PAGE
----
Tina Peters pleads not guilty in election security breach case

DENVER — Tina Peters pleaded not guilty Wednesday to the 10 counts on which she was indicted earlier this year in connection with a May 2021 security breach of Mesa County’s election system, and a judge set her trial to begin March 6.

Peters, the Mesa County Clerk and Recorder, appeared remotely for her appearance in front of Judge Matthew D. Barrett Wednesday and immediately pleaded not guilty to the counts she faces in the election security case: three counts of attempt to influence a public servant; three counts of criminal impersonation; one count of identity theft; one count of official misconduct; one count of violation of elections duty; and one count of failure to comply with the secretary of state’s requirements.

District Attorney Dan Rubinstein and Peters’ attorney, Harvey Steinberg, told the court they had agreed they could likely get through the trial in the case in seven days.

Judge Barrett set the trial for March 6-14, 2023. A pretrial conference in the case was set for Feb. 28, and the judge set a Jan. 30 motions hearing in the case. Attorneys will have to file motions in the case by Nov. 14.

Peters’ arraignment comes a week after Rubinstein said the core part of his office’s joint investigation with the Colorado Attorney General’s Office into the election breach case, in which Peters and her former deputy clerk Belinda Knisley were indicted and former elections manager Sandra Brown was charged, was complete. But he asked a parallel federal investigation to continue.

Knisley entered a cooperation agreement with the district attorney’s office in which she agreed to testify against Peters, Brown, and any others who could potentially be charged in the alleged scheme. She pleaded guilty Aug. 25 to three misdemeanors – criminal trespass, violation of duty, and first-degree official misconduct – in two separate cases and avoided jail time when sentenced because of the agreement she reached with prosecutors.

Knisley had participated in a proffer session in early June in which she spoke with state and federal investigators for seven hours about the scheme, allegedly masterminded by Peters, to copy hard drive images of the county’s election systems and allow an unauthorized man named Conan Hayes into the trusted build of the election machines with the Secretary of State’s Office and Dominion Voting Systems.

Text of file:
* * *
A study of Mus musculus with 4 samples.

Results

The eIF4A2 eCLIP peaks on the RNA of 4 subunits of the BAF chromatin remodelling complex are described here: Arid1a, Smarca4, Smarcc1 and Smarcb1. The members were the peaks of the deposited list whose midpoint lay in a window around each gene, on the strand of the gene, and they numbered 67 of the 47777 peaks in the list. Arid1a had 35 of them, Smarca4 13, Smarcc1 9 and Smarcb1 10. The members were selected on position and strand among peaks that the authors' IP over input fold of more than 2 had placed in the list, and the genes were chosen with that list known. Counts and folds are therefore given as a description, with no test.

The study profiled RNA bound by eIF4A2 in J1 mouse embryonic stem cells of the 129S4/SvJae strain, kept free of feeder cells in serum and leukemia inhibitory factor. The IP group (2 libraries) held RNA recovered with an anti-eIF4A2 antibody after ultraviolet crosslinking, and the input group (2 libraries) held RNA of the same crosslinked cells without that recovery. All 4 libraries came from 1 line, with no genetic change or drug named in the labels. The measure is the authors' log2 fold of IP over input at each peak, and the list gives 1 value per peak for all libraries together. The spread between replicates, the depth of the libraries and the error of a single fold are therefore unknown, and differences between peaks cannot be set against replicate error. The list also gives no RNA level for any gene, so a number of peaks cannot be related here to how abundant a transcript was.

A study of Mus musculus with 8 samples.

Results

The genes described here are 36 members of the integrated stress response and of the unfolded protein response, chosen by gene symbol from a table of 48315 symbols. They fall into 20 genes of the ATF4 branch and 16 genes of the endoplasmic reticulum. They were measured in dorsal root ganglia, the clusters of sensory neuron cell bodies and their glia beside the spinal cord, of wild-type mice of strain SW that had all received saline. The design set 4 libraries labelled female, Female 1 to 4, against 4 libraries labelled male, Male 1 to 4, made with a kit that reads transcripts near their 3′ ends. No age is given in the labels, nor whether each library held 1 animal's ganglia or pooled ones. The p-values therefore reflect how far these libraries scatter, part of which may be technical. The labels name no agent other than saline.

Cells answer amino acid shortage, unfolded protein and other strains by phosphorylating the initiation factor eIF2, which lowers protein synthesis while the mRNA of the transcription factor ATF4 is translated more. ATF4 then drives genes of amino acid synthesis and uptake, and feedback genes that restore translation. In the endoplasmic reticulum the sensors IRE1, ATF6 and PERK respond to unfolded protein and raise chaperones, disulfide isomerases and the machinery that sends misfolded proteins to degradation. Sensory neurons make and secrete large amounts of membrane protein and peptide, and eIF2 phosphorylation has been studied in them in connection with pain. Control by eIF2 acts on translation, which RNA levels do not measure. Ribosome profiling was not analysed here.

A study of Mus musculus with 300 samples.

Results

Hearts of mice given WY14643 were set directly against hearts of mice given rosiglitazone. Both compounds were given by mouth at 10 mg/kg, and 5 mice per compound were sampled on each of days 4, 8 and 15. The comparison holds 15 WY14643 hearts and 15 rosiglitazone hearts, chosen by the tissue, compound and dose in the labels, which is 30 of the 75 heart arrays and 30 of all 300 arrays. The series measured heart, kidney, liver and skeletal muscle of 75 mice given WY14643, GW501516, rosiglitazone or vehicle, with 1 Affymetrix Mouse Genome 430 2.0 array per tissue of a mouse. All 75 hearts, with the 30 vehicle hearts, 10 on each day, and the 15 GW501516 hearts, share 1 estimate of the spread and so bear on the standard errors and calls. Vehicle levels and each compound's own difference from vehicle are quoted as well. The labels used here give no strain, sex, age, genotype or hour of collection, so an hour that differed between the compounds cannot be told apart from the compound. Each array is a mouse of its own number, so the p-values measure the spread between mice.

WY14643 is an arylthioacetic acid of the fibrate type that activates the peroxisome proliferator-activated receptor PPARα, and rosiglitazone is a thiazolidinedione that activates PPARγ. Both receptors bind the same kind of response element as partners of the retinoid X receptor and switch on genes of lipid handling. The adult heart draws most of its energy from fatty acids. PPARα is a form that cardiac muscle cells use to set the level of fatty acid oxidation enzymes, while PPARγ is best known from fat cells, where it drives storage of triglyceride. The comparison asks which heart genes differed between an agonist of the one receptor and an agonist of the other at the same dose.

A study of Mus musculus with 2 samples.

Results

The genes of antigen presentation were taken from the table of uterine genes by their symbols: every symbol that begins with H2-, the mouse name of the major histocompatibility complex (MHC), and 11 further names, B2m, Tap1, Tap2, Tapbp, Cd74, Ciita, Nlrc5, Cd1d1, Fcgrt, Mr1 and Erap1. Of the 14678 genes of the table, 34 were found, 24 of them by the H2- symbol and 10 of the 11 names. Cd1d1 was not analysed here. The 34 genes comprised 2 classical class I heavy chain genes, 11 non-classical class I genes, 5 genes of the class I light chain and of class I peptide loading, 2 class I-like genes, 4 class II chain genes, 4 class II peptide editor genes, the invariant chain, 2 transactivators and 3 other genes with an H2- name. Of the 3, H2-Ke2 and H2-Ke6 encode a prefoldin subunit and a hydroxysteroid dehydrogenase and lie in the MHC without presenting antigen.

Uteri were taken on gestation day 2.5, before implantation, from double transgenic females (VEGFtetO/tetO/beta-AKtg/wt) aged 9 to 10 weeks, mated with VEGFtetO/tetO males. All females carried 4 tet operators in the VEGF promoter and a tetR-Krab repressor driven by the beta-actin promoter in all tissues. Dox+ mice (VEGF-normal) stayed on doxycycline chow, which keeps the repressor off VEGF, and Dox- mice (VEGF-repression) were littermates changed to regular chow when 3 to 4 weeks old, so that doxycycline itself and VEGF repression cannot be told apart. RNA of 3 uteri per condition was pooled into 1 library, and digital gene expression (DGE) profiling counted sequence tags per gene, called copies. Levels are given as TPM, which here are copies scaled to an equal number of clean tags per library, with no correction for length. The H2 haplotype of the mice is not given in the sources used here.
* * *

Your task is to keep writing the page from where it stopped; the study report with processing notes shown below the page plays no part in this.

Last August, video of the trusted build and passwords for the voting systems were posted online by right-wing conspiracy theorists who sympathize with Peters’ election denial efforts. The copies were posted while Peters was at Mike Lindell’s so-called election symposium.

In addition to the criminal case involving the election systems breach, Peters also faces a contempt of court case and one involving obstructing a peace officer and obstructing government operations.

The Colorado Supreme Court issued a rule Wednesday requiring Peters to submit written answers by Oct. 5 as to why her attorney should be able to depose Judge Barrett in connection with the contempt of court case. Judge Barrett would have 21 days after those arguments are submitted to reply.

Peters and her attorney, Steinberg, have been seeking to depose Barrett and Rubinstein, according to the Colorado Sun, about what led to Peters being charged with contempt of court for allegedly recording part of former deputy clerk Belinda Knisley’s February court hearing and lying to Barrett about doing so.

Barrett and Rubinstein have rebuffed the requests, saying that being deposed could undermine the criminal election breach case against Peters which Rubinstein is prosecuting and Barrett is hearing, but a different Mesa County District Court judge had ordered them to appear for the depositions before the matter went to the Supreme Court.